Nov 11, 2015

    Markets slump on weak China data


    A FURTHER slowdown in Chinese inflation compounded worries about the world's number-two economy yesterday, adding to selling pressure in Asian markets and extending a global retreat as talk of a United States interest rate hike next month increases.

    The below-forecast reading on China's consumer price index - the weakest since May - comes days after Beijing data showed a sharp fall in imports and exports, and is the latest in a string of reports pointing to a growth slowdown in the country.

    Officials said prices rose 1.3 per cent last month, down from 1.6 per cent year-on-year in September. Also, the producer price index, a measure of factory gate prices, fell 5.9 per cent - matching the previous two months and marking a six-year low.

    The news will add to pressure on Beijing as it struggles to transform the nation's growth model to a more stable one driven by domestic consumption and away from decades of export reliance and state investment.

    Liu Li-Gang, the chief Greater China economist at Australia & New Zealand Banking Group in Hong Kong, said the latest data "requires the (People's Bank of China) to engage in more aggressive policy easing".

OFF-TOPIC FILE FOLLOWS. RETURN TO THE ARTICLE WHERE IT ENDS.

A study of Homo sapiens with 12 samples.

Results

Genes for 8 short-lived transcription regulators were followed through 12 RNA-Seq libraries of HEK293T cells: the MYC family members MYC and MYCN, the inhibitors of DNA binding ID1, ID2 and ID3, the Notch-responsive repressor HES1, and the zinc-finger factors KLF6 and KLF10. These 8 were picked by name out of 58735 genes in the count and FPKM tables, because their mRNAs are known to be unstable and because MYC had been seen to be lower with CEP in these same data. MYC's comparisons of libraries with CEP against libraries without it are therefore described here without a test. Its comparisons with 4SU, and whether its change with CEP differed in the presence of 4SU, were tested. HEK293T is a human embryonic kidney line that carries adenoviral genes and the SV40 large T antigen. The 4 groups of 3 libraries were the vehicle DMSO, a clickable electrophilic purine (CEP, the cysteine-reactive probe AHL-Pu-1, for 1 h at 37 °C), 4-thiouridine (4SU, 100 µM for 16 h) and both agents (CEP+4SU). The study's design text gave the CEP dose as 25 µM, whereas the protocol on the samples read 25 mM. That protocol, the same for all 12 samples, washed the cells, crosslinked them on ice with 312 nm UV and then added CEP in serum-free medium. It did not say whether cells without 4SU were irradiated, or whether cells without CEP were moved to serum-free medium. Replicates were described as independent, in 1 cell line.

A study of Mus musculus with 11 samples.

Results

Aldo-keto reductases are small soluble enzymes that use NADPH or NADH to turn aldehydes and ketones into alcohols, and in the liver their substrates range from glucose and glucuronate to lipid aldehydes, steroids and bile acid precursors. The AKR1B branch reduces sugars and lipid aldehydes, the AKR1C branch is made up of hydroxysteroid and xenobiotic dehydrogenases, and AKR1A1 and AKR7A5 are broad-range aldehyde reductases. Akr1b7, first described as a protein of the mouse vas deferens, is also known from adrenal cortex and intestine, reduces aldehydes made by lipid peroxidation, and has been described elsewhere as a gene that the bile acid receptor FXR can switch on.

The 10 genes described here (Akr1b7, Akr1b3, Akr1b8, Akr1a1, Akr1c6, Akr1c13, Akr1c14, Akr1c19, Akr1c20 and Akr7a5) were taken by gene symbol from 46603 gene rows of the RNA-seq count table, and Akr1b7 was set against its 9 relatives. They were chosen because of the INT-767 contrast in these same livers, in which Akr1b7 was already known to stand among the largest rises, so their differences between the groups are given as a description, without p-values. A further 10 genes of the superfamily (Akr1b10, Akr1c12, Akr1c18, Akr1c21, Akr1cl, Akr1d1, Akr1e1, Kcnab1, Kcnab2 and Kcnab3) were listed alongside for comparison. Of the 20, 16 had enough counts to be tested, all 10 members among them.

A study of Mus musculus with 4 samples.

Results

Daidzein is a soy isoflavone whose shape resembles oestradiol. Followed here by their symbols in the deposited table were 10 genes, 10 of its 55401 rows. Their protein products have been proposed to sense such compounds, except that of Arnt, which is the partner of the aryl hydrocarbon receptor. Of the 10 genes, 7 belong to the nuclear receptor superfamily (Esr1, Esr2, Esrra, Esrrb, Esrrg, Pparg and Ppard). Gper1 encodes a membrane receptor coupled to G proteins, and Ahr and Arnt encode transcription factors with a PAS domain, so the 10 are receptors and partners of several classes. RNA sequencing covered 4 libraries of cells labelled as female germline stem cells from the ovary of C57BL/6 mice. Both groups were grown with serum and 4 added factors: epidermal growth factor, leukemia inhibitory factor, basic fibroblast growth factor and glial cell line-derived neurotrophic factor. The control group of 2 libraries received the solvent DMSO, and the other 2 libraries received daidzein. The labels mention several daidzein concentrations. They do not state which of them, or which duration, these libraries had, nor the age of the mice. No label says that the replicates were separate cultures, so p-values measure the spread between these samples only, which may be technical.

It also brought an end to a five-day rally in Shanghai, which had been boosted on Monday by news that the authorities will resume initial public offerings this month after a four-month hiatus caused by the summer stock rout.

    The market ended 0.2 per cent down - although it pared early hefty losses - and Hong Kong dropped 1.4 per cent, while Sydney, where several firms that rely on Chinese trade are listed, closed 0.4 per cent lower.

    However, there was some respite for emerging market currencies, which edged up slightly after being hammered on Monday by last week's better-than-expected US jobs data that ramped up expectations of a Fed rate rise next month.

    Traders are betting the US central bank tightens monetary policy despite broad weakness across the global economy, particularly China - a crucial driver of world growth.

    "In what is now a regular event, global markets sunk overnight and are pricing in the worst of the US and China," said Michael McCarthy, chief market strategist in Sydney at CMC Markets, in an e-mail to clients.

    "According to this view, China continues to weaken toward implosion, but not far or fast enough to head off a lift in US rates," he said, according to Bloomberg News.

    On currency markets, the US dollar dipped against most emerging currencies, including the Malaysian ringgit, Indonesian rupiah and South Korean won - each of which suffered most on Monday.

    Asia's retreat followed big losses on Wall Street, where the Dow, Nasdaq and S&P 500 each fell one per cent, while there were heavier losses in Frankfurt and Paris.